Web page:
Amy asks via Twitter:
The quick answer is that a ricer is not doing as much to the potato as the mixer is. A ricer uses a lever to force the potato through small holes, which quickly separates the potato into smaller parts. It's kind of like part of a Play-Doh playlet extruder, except the potato isn't quite as flexible as the Play-Doh, so it gets broken up into smaller pieces. The hand mixer applies a lot more force repeatedly on the potato, which breaks apart molecules which stuck together during the cooking process. Whatever you're mixing in will either get in-between relatively few of the molecules, in the case of the ricer, and significantly more of the molecules in the case of the mixer.
We could explore this topic in significant depth if you are really, really interested. Whole books have been written on the effect of various cooking and processing methods have on different varieties and types of potatoes. This has been a topic of interest to food scientists and their predecessors for centuries, because lots of people enjoy potatoes and their versatility. If you'll forgive me, I'm going to gloss over most of the details and just go with the highlights.
Potatoes, when cooked, have two major sets of molecules that affect texture: starches and pectins. Starches, when cooked in liquid (often the liquid within the potato itself, not just boiling or similar), will absorb that liquid and expand tremendously once the starches and water hit the right temperature. We call this gelatinization, and we take advantage of this trait to thicken up our soups and puddings, as well as to make our bread crumb tasty and shiny.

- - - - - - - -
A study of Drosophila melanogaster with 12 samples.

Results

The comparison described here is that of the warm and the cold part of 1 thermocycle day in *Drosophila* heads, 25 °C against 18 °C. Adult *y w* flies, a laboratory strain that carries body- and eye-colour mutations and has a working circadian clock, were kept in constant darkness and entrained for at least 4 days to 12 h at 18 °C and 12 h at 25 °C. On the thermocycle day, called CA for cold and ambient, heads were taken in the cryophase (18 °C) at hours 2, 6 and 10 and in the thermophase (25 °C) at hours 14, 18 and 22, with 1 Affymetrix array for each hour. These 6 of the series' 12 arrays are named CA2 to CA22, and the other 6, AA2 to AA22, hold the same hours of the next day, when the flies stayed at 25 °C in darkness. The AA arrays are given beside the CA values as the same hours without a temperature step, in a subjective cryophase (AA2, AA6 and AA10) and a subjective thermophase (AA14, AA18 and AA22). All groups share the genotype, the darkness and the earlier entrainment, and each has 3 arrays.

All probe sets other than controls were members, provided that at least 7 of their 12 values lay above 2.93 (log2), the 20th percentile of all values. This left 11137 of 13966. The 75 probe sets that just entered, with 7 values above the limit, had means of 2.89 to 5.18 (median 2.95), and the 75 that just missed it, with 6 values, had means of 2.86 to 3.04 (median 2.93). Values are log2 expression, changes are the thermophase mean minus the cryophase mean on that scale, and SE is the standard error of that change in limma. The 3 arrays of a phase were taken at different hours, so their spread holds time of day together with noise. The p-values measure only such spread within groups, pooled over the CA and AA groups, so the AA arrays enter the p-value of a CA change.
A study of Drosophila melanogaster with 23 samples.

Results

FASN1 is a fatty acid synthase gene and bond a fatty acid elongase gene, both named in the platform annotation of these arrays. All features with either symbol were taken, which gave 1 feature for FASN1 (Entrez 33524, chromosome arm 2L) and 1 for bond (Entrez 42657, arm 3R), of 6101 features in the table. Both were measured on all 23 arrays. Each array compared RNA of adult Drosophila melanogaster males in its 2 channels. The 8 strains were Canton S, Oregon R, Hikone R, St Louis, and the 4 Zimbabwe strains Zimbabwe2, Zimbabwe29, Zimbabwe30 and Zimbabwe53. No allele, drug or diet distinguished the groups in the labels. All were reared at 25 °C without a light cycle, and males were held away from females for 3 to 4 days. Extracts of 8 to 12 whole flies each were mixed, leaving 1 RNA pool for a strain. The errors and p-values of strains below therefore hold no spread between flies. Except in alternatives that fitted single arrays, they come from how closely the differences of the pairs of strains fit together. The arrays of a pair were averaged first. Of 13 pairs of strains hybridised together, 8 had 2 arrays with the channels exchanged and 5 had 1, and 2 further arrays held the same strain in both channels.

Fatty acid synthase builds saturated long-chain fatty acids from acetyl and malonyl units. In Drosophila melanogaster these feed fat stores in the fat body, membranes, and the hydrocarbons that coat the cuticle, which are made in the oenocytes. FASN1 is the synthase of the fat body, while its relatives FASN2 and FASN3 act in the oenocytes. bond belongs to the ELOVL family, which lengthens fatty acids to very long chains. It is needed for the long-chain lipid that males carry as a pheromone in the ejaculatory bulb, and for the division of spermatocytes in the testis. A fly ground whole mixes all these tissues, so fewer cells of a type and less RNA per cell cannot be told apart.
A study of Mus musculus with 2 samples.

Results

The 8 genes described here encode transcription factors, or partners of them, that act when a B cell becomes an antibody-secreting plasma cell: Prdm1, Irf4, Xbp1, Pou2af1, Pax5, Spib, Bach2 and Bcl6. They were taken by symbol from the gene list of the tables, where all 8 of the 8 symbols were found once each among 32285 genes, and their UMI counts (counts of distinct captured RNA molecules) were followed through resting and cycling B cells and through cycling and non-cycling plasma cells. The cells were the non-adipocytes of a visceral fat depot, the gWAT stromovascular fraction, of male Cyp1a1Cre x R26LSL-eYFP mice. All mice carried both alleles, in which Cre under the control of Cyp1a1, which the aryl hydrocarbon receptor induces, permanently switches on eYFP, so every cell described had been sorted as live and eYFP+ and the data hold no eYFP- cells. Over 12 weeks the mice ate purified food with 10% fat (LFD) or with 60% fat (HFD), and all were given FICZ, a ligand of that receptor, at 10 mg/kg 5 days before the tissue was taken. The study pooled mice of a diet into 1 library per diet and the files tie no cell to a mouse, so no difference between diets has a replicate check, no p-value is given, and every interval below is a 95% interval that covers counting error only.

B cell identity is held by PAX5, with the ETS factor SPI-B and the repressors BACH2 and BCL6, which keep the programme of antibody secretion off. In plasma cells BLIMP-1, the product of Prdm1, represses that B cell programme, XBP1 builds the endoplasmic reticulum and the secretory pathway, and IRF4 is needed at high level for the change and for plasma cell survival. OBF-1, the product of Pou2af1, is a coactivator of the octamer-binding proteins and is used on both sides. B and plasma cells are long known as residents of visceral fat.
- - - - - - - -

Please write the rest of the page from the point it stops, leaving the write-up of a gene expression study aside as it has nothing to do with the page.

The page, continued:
Pectins are the molecule responsible for firming up jellies, jams, and marmalades. In the case of potatoes, the pectin doesn't gelatinize, but it does do some stabilization and emulsification, which helps the cream of butter you add to the potatoes hold together a bit better than it otherwise might.
So, you've cooked your potatoes, and you have all of these starches that are either in short of long chains, depending on whether the potatoes are waxy or mealy, respectively. When you use the ricer on the potatoes, you are allowing the gelatinized starches to remain relatively cohesive, so that your cream, butter, sour cream, or whatever other tasty additions go into your potatoes are surrounding the clumps of starched potatoes. When you use the mixer, you are doing a more thorough mixture of the liquid and the starch, so it's more like a sauce than the riced method. Also, the riced potatoes will have inconsistently mixed pockets of air based on what bubbles haven't collapsed after adding the other ingredients; the mixed potatoes will have air more evenly distributed throughout the mixture from the mixing process.